Self Care Isn't Just Meant for Sundays
I like to practice self-care on every day that ends with "day."
It's taken some time over the past few years to get to a place where I feel normal, and like I should focus on taking care of myself. I have to actively remember that self-care doesn't mean being selfish - it means taking the time to ensure you're well thought of (by you). Some of the ways I choose to do just that are:
Waking up early
As a self-identified moody person, I try my best to mitigate all the things that will put me in a bad mood. One of these things is rushing when I know it didn't have to be that way. And truthfully, it hardly has to be that way. I think anyone would concur that waking up just 10 minutes earlier and giving yourself extra time to get ready, or whatever, will give you a better hold of the day. It does that for me.
Cooking myself nutritious and energizing meals
I have a real sweet tooth and can be caught asking if there's chocolate around at any given moment. Now, I rarely restrict myself from chocolate in moderate portions, but I always make sure majority of my food intake for a given day is healthy. I hate the idea of starving myself in order to lose some weight or look a certain way; I think that fueling my body with things that drive it just does a better job. Also, bad food just makes me feel like nonsense.
Shutting off my phone…
...for a little time at least. I'm not the first to think of this by any means, but constant inundations of texts, emails, social notifications just do something to shake my path of thinking. I'll be in one blissful, pleasant mood, and then through a notification, I'll find myself on Instagram or Facebook reading or watching something that does nothing for me - maybe I'll start feeling anxious or stressed about things that don't even concern me. So some time away from the screen can do us some good. Too much of that screen is also treacherous for the eyesight.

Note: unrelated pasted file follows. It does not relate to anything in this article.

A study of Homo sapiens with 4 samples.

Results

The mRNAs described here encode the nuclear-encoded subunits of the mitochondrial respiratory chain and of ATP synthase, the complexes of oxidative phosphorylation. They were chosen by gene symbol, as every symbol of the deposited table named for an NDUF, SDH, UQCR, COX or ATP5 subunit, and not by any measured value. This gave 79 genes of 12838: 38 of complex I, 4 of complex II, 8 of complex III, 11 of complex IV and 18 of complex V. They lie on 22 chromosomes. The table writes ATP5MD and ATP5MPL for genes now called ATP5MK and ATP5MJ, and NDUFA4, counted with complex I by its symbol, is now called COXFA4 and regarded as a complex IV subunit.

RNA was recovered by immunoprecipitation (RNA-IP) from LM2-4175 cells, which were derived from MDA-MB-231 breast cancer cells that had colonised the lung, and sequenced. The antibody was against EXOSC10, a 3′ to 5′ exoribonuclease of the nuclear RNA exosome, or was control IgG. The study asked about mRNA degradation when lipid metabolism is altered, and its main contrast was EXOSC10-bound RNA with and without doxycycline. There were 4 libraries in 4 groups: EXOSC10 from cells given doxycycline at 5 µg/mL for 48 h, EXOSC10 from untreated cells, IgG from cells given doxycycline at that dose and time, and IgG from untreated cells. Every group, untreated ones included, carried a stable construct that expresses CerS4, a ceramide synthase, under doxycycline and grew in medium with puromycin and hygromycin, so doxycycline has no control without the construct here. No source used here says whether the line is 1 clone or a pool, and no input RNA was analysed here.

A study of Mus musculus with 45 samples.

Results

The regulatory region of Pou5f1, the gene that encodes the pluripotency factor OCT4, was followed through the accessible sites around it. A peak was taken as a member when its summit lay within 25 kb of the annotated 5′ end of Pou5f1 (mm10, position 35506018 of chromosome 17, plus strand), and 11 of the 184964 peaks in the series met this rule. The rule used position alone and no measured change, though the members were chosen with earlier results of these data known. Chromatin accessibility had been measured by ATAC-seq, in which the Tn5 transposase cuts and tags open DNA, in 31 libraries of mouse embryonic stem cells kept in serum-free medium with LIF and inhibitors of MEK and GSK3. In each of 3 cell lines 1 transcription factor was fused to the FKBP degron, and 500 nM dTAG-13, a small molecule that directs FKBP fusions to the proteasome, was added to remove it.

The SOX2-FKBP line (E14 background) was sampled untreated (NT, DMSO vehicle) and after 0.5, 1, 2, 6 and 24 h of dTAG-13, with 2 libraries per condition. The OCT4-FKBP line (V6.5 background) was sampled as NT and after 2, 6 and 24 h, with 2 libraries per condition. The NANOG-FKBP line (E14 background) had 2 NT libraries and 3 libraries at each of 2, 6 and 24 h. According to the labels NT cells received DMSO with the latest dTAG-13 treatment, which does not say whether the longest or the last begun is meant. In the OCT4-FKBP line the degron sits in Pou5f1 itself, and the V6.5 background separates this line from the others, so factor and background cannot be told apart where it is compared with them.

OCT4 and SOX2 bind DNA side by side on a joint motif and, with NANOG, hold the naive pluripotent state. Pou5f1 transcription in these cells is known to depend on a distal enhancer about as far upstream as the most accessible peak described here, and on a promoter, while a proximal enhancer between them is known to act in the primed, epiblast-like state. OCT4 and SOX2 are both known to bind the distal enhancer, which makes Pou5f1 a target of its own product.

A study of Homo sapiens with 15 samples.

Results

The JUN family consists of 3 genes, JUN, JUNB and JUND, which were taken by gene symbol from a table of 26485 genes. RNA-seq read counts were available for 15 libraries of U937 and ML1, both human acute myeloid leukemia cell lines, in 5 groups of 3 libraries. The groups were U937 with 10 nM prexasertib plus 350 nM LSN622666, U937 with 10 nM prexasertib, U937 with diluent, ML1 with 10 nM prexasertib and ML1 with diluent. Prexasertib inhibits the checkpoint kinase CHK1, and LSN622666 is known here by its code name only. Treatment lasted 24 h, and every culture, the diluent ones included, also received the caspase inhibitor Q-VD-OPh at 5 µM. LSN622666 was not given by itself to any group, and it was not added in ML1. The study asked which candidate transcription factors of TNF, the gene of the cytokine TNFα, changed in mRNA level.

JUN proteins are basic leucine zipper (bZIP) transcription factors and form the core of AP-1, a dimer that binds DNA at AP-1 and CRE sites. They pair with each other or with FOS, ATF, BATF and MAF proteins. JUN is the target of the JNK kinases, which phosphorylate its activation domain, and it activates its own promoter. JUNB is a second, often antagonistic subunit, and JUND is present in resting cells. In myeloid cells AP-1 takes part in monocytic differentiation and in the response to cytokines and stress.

Doing something that pushes me
This could be anything from washing the dishes before I leave my place for the day, to practicing Korean for more than 10 minutes in that day. Remember self-care every day that ends in "day" should be sustainable. If I committed myself to a 3hr hike every morning, I would give up before I even started. At least now I am building dedication and belief in myself. Becoming unstoppable one day at a time.
Giving myself time to feel
It's so, so easy to give into negative emotions. In fact, I did it just this past week. I was sick, and my period was impending, and I was in a different country where I had to work extra hard to communicate simple things, and I didn't have Wi-Fi in my apartment (which isn't unbearable as much as it is just inconvenient) - so I gave into those negative emotions. But you know what? I gave myself time to feel them. I hate, hate, hate feeling negative because I know that feeling negative only breeds more negativity. However, I didn't want to just act like I wasn't feeling pessimistic because pessimism is a valid feeling. I simply gave myself a timeframe during which I could feel defeatist. After that, it was back to counting my blessings.
Writing down my feelings
This is a quintessentially 'girly' thing to do, isn't it? Nope. Writing down feelings is for everyone, and it's just like writing down your goals. After all, aren't feelings and goals interrelated? In order to desire a goal or an outcome, you've got to feel some emotions about the topic. Writing down negative feelings often reduces the impact of those feelings, while writing positive emotions augments their impact - that's a great thing! I also have way too many thoughts going on in my head at a given time and can tend to lose sleep when I'm overthinking. Since this disturbs the quality of my life, I choose to write down my most pressing thoughts and end the conversation in my journal. That way I can keep my sanity and choose to think about lighter things. However, if those pressing thoughts require external consultation, I'll take 'em there. I'm only human and can't handle everything myself.
As a youngster, in the evenings when I was too wound up to sleep, my mom would tell me to take a shower - that I would feel better. I hated (and still hate) bathrooms and being wet in general, so I rarely heeded her advice. But as an adult, I realize she is definitely right. There is something soothing about showering and keeping clean in general. It's like pressing the reset button on anything I'm doing. That also goes for simply washing my hands throughout the day. It's as if along with the bacteria down the drain goes whatever is stressing me at the moment. From that clean slate, I can start a new day, new thought, new attitude. I also don't have to worry about smelling or having bad skin!
So those are a few of many things I do to invite self-care into my life. If I don't do it, who will? How do you practice self-care?
P.S. My girlfriend and I recorded a podcast episode on Self Care. Here it is below.